But I have just been to Scotland, or ‘Surprising Scotland’ as the Scottish Tourism Board has it. And I’m happy to report they’re right. The most surprising thing is the emptiness. Most of those five million souls are packed, quite neatly, into the urbs of Edinburgh and Glasgow. Leaving the Highlands more or less Scot-free.
If you should locate a native though, you will quickly bond with the Scotsperson’s sentiments towards a Certain Community, who once ruled us. The perennial struggle with ‘the auld enemy’ has left an indelible mark on Scottish conversation. Some of this will be familiar from cliché, some from Hollywood. The rest, believe me, you will hear about. Any tour of the Highlands will have the same soundtrack: a burry philippic running from Bannockburn to Culloden, from the Highland Clearances to North Sea Oil. But the Scots, like Mr Bruce’s spider will never give up.
If you want to change the subject, do not, as we are apt to, try something on the lines of "Yes but, the English did give us a few things. You know—the railways..."
This will lead you directly to National Anthem #2: "Nae mate! That’s Scottish! Also the cycle, the telephone, the postage stamp, democracy, fudge...all Scottish!" At this point you should raise your glass of whisky (an Irish patent) and concede that the Scots are great inventors.
In truth, the Scots do have a couple of inventions to their name. Geology for one. The credit here goes to James Hutton, who published his two-volume Theory of the Earth in 1795. His understanding of the cycles of rock erosion and formation were based on 40 years of observation around Scotland, a remarkable preoccupation at the time. Samuel Johnson had just returned from his curmudgeonly tour of the Highlands, telling poor Boswell that "your country consists of two things, stone and water." But Hutton knew Scotland had the oldest rocks in Europe and he pronounced them very Gneiss. Unfortunately modern geological science has since revealed that the Highlands are an English invention, formed when the perfidious southern landmass crashed into the Scottish plate some 450 million years ago. But as a non-combatant visitor I was happy to just enjoy the consequences.
Heading north from Glasgow I stopped briefly at Loch Lomond, whose shores are bonny enough, though ‘bonny, bonny’ is stretching it a bit. No matter, because we were entering the Highlands and everything was about to improve dramatically. Turning west towards the coast and then north along the shores of Loch Awe, we passed Kilchurn, the first of many ruined castles (aye, the English), to Oban, home of a robust coastal single malt.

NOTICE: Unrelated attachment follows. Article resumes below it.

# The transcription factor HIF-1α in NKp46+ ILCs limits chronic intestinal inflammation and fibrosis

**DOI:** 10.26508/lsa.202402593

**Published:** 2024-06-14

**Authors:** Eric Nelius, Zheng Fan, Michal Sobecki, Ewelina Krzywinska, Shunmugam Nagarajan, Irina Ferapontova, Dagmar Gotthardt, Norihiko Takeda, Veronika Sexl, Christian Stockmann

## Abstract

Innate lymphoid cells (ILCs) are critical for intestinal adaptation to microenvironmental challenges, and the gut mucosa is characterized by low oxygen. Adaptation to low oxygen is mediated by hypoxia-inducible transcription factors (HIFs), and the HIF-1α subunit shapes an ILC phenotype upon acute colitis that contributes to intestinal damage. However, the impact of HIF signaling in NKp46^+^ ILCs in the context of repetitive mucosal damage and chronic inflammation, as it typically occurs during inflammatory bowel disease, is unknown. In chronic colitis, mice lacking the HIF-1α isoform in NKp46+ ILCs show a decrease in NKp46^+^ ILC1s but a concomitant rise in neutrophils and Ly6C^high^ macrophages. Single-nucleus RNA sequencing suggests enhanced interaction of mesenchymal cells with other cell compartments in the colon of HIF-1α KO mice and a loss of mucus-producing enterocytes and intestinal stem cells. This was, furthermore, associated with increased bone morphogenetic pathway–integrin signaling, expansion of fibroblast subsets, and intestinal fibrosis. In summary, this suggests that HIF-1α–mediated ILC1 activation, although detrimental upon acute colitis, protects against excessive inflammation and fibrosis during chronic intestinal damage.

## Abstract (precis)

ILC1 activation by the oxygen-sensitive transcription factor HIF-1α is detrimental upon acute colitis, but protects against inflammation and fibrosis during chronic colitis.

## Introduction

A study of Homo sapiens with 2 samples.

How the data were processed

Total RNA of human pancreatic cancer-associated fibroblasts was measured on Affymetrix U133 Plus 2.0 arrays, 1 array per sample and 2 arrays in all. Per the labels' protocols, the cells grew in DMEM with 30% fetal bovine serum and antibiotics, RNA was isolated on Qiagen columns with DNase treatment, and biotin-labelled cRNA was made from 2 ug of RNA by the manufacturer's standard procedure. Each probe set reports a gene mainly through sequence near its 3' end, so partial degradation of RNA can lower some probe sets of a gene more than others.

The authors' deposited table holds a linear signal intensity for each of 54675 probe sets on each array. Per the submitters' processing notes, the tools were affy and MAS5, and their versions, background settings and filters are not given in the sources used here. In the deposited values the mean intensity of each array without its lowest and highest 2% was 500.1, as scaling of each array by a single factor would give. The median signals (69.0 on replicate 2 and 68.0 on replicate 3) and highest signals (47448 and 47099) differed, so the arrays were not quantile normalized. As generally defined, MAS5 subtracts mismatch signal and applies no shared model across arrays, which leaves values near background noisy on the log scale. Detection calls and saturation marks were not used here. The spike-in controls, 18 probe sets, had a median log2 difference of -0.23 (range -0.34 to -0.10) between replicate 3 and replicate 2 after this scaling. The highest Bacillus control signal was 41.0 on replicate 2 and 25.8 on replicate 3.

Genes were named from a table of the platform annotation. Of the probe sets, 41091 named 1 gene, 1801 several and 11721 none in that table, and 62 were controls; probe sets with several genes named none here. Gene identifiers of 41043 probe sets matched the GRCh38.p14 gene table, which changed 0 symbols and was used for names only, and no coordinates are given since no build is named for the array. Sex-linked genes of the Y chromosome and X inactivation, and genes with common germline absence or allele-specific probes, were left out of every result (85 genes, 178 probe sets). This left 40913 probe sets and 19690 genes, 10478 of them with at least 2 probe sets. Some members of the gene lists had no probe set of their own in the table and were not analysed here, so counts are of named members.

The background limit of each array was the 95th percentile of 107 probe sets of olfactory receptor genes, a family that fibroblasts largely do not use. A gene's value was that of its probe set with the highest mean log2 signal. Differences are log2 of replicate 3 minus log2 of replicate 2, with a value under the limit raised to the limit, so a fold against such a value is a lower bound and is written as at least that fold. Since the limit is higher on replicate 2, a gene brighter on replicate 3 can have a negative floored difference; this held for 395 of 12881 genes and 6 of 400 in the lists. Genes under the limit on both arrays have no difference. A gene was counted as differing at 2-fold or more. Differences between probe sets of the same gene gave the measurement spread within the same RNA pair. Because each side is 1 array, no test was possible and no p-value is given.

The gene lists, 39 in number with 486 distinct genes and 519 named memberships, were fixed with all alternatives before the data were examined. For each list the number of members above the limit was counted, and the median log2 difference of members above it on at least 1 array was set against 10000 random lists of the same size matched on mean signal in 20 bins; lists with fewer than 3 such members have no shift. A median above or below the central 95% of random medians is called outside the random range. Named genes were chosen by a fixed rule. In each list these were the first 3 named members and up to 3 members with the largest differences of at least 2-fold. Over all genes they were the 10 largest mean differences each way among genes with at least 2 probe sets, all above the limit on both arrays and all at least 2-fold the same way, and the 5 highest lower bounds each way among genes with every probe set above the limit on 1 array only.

North of Oban the road begins to follow what is surely Scotland’s most dramatic geological feature. The Great Glen Fault is visible on any map, cutting right across the country from the Firth of Lorn to the Moray Firth and cleaving the plumage of the Outer Highlands from the rest of Britain. Anyone who thinks there are no straight lines in nature should see the Great Glen.
So should everybody else. Following the road eastwards to Loch Leven, we reached Ballachulish, a good place to stop. A short detour from the Great Glen brings you to the haunting valley of Glencoe, site of an infamous massacre in 1692 (aye, aye, the English). Continuing along the fault we reach the town of Fort William which sits rather dramatically at the foot of Ben Nevis and at the start of the series of Lochs that fill the Great Glen: Loch Linnhe, Loch Lochie, Loch Oich and finally Loch Ness. You can follow them all the way to Inverness on the east coast, either by road or by boat along the Caledonian Canal which stitches the Lochs together.
The straightness of the glen road was relieved by a northward diversion to Eilean Donan, a faux-medieval castle featured in Kandukondain Kandukondain. They still remember Aishwarya Rai enthusiastically at the Visitors’ Centre here. "The Miss Wurrulld! Aye! Aye! Aye!"
I liked the Great Glen—yes, to a fault. But somewhere along the way gastronomy surpassed geology. By the close of the day at Drumnadrochit, I had consumed a healthy school of salmon, a few litres of ale and discovered ‘Skye coffee’ (active ingredient: Talisker).
Descending from the Highlands on the east is a perilous journey. You have to run the gauntlet of The Macallan, The Glenlivet, The Balvinie, Glenfarclas, Aberlour, Tamnavulin, Cragganmore...In a word, Speyside. More than half of Scotland’s malt whisky is produced in this watershed. As we reached the safety of the Cairngorms the sky cleared to an utterly unscottish blue and the sun shone down on the panicked populace. I was floating. It’s like Ladakh, I thought. Only lower. But that was the whisky talking. Now that I’m clean again, I’ll tell you the truth. The truth is Scotland is like England. Only better.